The dean who liked to play the "Moonlight Sonata" and the neighborhood activist unafraid to ruffle feathers at City Hall are dead.
Torrance residents Juanita and Robert Mantovani, who were both 44, each had high-powered careers.
Juanita Mantovani, dean of undergraduate studies at Cal State Los Angeles, was a familiar figure striding across campus on her way to a morning meeting, her business suit clashing with her jogging shoes. Her husband, Robert was in charge of career counseling at Long Beach City College.
Both were active in civic and cultural affairs.
As president of the Riviera Homeowners Assn. in Torrance, Robert Mantovani argued passionately--not always successfully--against all who would intrude on the spectacular views of the Hollywood Riviera. His wife traveled the state, speaking at educational and women's conferences. She was the organist at St. Lawrence Martyr Catholic church in Redondo Beach. They sang together in the Baroque Consortium that Robert organized.
But it was the mountains near Mammoth that were dearest to them--the setting where the couple had made most of their friends and where they spent most of their weekends, according to Juanita's brother, Philip Watson.
Their love of the mountains proved fatal last Sunday when the Mantovanis--returning from a weekend at their new Crowley Lake vacation home--were caught by a flash flood that roared down from the hills, covered California 14 near Inyokern and swept them far down a desert ravine to a muddy death.
Lt. Mike Senna of the California Highway Patrol's office in Mojave estimated that the rushing waters carried their car "between two and three miles. That will give you an idea of the force."
Couple Found by Rescuers
The flood forced the Highway Patrol to close off sections of the highway for about five hours last Sunday. Rescuers searching for stranded vehicles found the couple, still held by seat belts, in their flattened Jeep Cherokee about midnight Sunday.
"Quite a bit of their identification was gone. Clothing was gone. We didn't know who they were," CHP Officer Kim Armbrecht said.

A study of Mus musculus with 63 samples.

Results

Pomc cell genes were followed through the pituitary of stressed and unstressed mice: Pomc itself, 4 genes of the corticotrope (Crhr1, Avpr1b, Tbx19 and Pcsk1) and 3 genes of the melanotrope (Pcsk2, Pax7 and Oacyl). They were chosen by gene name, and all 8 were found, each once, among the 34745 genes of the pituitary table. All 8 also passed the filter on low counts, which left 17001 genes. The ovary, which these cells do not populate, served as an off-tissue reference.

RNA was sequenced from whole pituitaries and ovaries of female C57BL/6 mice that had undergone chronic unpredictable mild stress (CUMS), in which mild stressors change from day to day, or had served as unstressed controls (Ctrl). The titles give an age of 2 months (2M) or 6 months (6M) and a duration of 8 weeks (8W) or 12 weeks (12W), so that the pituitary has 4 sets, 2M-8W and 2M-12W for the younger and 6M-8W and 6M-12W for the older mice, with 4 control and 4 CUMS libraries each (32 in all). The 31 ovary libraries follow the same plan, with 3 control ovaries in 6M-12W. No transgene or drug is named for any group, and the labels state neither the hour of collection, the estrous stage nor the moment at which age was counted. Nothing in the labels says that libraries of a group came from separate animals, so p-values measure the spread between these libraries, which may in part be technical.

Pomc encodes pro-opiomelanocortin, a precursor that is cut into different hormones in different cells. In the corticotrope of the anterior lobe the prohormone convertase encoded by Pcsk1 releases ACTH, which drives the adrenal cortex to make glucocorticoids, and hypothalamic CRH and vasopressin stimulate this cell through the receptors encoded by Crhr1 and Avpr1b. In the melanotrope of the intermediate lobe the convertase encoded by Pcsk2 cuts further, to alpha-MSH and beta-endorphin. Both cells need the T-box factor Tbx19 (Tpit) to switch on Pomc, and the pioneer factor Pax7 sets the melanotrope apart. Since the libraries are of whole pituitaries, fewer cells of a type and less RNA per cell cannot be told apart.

The Kern County coroner's office, which said the Mantovanis had choked to death in the mud, released identification of the couple Tuesday.
In Torrance that night, Mayor Katy Geissert, whose campaigns had been supported by the Mantovanis, opened the council meeting with a tribute to them.
"They were tremendous fighters and advocates for protection of the hillside and protection of the beach," she said.
Kay White, a past president of the Riviera Homeowners Assn., said members were devastated by the deaths. "They were just wonderful, vibrant people. It's just awful."
In 1985, Robert Mantovani tried to get the council to agree to putting television cables underground, arguing that above-ground wires would spoil the view. "They are not welcome here," he asserted at a council meeting.
Mantovani lost that battle, but "not for lack of trying," White said.
"He used to ruffle a few feathers at City Hall when he got up to speak. . . . He would tell it like it was, and some people didn't enjoy that."
Although Robert Mantovani was more active in civic affairs, Juanita focused more on the professional world.
She had a bachelor's degree from Marymount College, a master's degree from UCLA and a Ph.D. from USC. From 1973 to 1981, she was assistant dean of humanities at USC.
In 1981, she became dean of undergraduate studies at Cal State L.A., supervising the instruction of 15,000 students and serving on key campus committees involved with curriculum and student counseling.
"You would see her charging into meetings in her tennis shoes," said Jo Ann Johnson, past president of the Academic Senate.
Interest in Students Cited
A statement released by the university said she was "a champion of innovation in undergraduate education," backed opportunities for women in higher education and supported the honors program.
"Her keen interest in assisting students to accomplish their academic and career goals earned her widespread respect around the campus," the statement said.
"Juanita was a well-respected colleague in searching for the truth and not being afraid of tough questions," Johnson said. "The issues she was most concerned about were the quality of (student) advisement and revisions in the general education program."
She also encouraged the staff of University Times, the feisty student newspaper that regularly published articles some administrators disliked.
"She was happy that I never let up on blasting the administration," said Peggy Taormina, former University Times editor.
Robert Mantovani was coordinator of career planning at Long Beach City College, where he began work in 1974. He wrote a self-help book on career planning, was active in the Academic Senate and directed the Colleague Capers talent show. Last year, he was president of the California Community College Counselors Assn.
The couple, married almost 20 years, had no children.
Funeral services are scheduled for 2 p.m. Tuesday at the St. Lawrence Martyr Church in Redondo Beach.
Scholarship funds at Cal State L.A. and Long Beach City College have been set up in the Mantovanis' names.